A young and multi-national team
Kilimanjaro International Airport (KIA) project, Tanzania, the team design and engineering: two Dutchmen, a Sri Lankan and a lady from Greece.
Daan Aldenberg, Engineering Manager (Dutch): overseeing a complex, multi-disciplinary project
‘Although KIA is a relatively small project, there are a lot of separate disciplines within the three work packages of the contract. Besides asphalt pavement, the airside works also includes drainage, water supply, sewerage treatment and airfield lighting. On any given day, we may spend the morning working on duct penetrations under asphalt taxiways while we spend the afternoon on architectural details of the roof extension or pushing subcontractors for progress on procurement. Flexibility is the key word.
At the same time, a phased terminal building renovation project is all about dealing with the restrictions of the existing building such as capacity of floors, space in ceilings and minimizing the impact on passengers making use of the partly closed building. Besides the daily engineering management tasks on site, my main responsibilities are temporary and permanent works design and engineering, and management of all subcontractors on site.’
Krishantha Jayawardene, CAD Engineer (Sri Lankan): expanding 3D drafting skills
‘I have been based on this project since May 2015. Previously in my career I have worked on various water supply and airport pavement projects. This project fits well within my experience although it has various new elements as well, such as drafting in Revit for the 3D model of the terminal building as well as architectural drafting in a renovation environment. Furthermore my daily activities involve updating of design drawings and I also provide the necessary dimensions/coordinates to the survey team and the construction teams.
As BAM is further developing BIM for implementation on projects, I have joined various training courses on 3D programmes, which is a good experience for me. I have worked with some of the team members on several projects before KIA. It results in effective communication with the teams as I know what they require and they know what I can provide.’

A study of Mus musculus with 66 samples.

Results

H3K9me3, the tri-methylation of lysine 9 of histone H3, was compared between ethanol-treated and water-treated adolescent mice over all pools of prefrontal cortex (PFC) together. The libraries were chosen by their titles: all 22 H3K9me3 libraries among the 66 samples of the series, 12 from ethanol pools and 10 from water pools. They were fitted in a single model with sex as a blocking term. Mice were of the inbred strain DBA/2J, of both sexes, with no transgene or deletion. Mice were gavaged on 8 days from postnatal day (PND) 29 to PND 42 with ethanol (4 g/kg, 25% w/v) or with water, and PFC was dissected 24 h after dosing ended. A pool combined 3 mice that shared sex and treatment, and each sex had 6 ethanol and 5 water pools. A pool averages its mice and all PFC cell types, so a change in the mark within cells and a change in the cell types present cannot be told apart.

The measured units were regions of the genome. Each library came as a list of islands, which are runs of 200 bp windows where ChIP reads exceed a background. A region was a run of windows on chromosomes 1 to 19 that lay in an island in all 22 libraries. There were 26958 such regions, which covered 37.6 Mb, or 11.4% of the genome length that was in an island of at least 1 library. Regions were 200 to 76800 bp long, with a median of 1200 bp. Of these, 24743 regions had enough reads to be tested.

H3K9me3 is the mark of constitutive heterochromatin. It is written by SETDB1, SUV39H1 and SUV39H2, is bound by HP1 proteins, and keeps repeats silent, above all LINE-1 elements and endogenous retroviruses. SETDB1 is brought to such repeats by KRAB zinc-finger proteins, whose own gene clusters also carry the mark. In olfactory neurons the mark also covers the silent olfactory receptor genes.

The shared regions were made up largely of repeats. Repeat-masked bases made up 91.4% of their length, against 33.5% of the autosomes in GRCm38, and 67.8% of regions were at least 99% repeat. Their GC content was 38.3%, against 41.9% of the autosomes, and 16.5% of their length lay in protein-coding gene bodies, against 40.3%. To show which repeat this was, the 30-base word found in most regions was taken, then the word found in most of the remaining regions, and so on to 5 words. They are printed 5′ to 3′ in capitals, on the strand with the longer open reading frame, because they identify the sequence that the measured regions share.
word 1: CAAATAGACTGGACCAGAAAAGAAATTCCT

Sofia Tzouli, Intern (Greek): experiencing the connection between site and engineering
‘After studying civil engineering in Greece and construction management in the Netherlands, I could not have been given a better project to experience actual works on a construction site. I’m gaining practical experience on site by assisting the Engineering Department in solving engineering and design issues, making drawings, communicating with the site teams, and so on.
My main duties are so far focused on the finishing details of the terminal building, such as ceiling bulkheads, MEP penetrations and internal doors. As we have two separate subcontractors for finishing and MEP works, details are to be carefully coordinated so that all parties are aware of their scope of works. Especially in ceilings, this is a challenge.
What I mainly enjoy on a construction site is the rewarding feeling of seeing your engineering works being implemented on site directly. It is the connection between site and engineering I am looking for. I am honoured to be part of this team and I am sure that my experience on the KIA project will be of great value in my future career.’
Bob Smelting, Engineer (Dutch): focus on airside electrical and building MEP
‘In the beginning of the project our daily activities mainly involved checking design drawings, coordinating client reviews and document control. Now we’re seeing a shift towards coordinating the subcontractors on site. In the terminal building, we’re working on MEP systems in a live airport. This has to be done without disrupting passenger departures and arrivals. To this end, a dedicated team of BAM and subcontractor MEP specialists are working daily behind the scenes.
Airfield lighting has been developed from the conceptual tender design to a functional design that complies with international standards such as ICAO. After the effort put in by the team, seeing the lights switched on for the first time gave a great feeling of appreciation. My personal daily activities are focused on the airside electrical and building MEP scope. The variety in activities is challenging, but it provides me with a great learning experience. Another task I have on this project is being the planner. This means collecting and recording progress data from the construction teams both on airside and in the building for the weekly programme updates.’
Making sure everything runs smoothly on the KIA project, the Design and Engineering team: Daan Aldenberg, Krishantha Jayawardene, Sofia Tzouli and Bob Smelting (from left to right).